Chersonesus is one of the greatest archaeological monuments of Russia's south. Its size, level of preservation, and location attract scientists and travelers, local historians and antiquarians.
The history of Chersonesus is closely related to the great civilizations of antiquity and the Middle Ages. Founded by Greeks in the 5th century BC, the city had periods of independence interspersed with Roman and Byzantine rule. Its history is closely linked with fates of the Tauri and Scythians, Goths and Alans, Khazars and the Rusich, the Genoese and the Golden Horde.
Medieval Chersonesus (Kherson) played an important role in the spread of Christianity in the ancient Russian state. According to the chronicles, this is the place where prince Vladimir (the Great) was baptized. For almost two thousand years Chersonesus played an important role as a transit point and cultural and political center in the northern Black Sea region. However, after devastating raids by nomads in the 13th-14th centuries, the city sank into degradation, only to be reborn as an archaeological monument.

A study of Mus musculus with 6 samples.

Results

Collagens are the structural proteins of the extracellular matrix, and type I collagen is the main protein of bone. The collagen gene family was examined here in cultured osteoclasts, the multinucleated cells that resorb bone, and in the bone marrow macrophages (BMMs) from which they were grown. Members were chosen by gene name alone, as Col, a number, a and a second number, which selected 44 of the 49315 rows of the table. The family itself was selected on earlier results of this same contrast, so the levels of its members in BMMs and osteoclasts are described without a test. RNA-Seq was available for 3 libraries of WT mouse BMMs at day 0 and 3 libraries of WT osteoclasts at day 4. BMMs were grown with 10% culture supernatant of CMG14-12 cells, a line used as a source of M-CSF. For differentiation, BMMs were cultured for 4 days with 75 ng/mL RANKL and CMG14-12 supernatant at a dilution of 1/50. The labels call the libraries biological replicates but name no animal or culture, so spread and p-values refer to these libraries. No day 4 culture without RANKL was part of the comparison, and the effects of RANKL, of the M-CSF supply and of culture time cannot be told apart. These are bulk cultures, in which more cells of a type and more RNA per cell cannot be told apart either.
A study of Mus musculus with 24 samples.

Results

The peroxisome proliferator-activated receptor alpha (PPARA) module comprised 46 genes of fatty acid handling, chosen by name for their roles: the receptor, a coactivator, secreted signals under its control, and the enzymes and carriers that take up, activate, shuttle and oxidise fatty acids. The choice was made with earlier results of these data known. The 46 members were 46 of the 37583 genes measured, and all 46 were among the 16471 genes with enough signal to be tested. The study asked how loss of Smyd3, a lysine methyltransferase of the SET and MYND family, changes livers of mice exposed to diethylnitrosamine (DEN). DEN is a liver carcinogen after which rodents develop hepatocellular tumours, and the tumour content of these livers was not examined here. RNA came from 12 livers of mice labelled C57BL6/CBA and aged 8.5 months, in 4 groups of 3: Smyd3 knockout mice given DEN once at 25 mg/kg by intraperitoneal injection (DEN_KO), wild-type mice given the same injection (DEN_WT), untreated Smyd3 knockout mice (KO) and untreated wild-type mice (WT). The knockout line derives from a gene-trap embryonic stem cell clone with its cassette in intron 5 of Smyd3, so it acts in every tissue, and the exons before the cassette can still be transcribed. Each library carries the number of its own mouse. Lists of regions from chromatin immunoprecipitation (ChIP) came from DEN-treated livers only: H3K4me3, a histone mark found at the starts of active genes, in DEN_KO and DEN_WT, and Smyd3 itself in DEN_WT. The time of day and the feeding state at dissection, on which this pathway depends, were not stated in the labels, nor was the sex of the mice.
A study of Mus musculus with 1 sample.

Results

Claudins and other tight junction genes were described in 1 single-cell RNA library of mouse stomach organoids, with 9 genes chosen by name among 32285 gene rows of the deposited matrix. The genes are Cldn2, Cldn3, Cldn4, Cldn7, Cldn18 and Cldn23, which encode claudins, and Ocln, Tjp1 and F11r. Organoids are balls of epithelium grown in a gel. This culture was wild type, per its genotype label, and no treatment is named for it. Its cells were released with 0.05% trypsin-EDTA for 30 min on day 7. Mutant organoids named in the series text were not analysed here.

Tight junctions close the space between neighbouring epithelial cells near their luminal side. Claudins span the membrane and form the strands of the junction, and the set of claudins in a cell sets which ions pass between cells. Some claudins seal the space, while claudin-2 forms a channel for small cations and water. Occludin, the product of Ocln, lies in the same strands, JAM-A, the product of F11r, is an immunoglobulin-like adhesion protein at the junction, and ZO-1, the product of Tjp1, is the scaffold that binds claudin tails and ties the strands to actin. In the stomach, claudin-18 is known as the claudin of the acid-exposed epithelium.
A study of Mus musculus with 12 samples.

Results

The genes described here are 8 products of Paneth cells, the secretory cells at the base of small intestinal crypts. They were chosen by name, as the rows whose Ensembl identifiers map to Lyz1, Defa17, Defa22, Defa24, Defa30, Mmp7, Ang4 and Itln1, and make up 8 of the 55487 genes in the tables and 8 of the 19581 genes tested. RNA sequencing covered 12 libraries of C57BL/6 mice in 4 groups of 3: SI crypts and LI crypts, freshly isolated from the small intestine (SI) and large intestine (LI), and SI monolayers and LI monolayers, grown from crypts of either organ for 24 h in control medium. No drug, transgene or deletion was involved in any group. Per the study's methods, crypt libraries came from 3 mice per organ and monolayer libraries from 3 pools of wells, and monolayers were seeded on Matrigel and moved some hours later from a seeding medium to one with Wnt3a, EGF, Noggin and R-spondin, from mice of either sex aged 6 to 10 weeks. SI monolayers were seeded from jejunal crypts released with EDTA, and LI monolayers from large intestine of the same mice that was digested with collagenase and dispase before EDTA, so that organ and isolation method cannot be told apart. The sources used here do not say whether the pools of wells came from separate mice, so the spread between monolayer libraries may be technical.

Excavations in Chersonesus has been conducted for more than 185 years. Like in the 19th century, the Russian Pompeii keeps exciting scientists and travelers, artists and antiquarians. Visitors to the reserve can walk through the ancient streets, feast their eyes on the city walls and city blocks, churches and public buildings, sit in the ancient theater, and see the museum expositions.
Today the Tauric Chersonesus National Reserve is a large museum and research institution. It consists of an ancient settlement, unique agricultural plots (so-called Choras) as well as the medieval fortresses of Cembalo and Calamita.
In 2013, the monument was internationally recognized: the Ancient city of Chersonesus and its Chora was included in the list of UNESCO World Heritage Sites.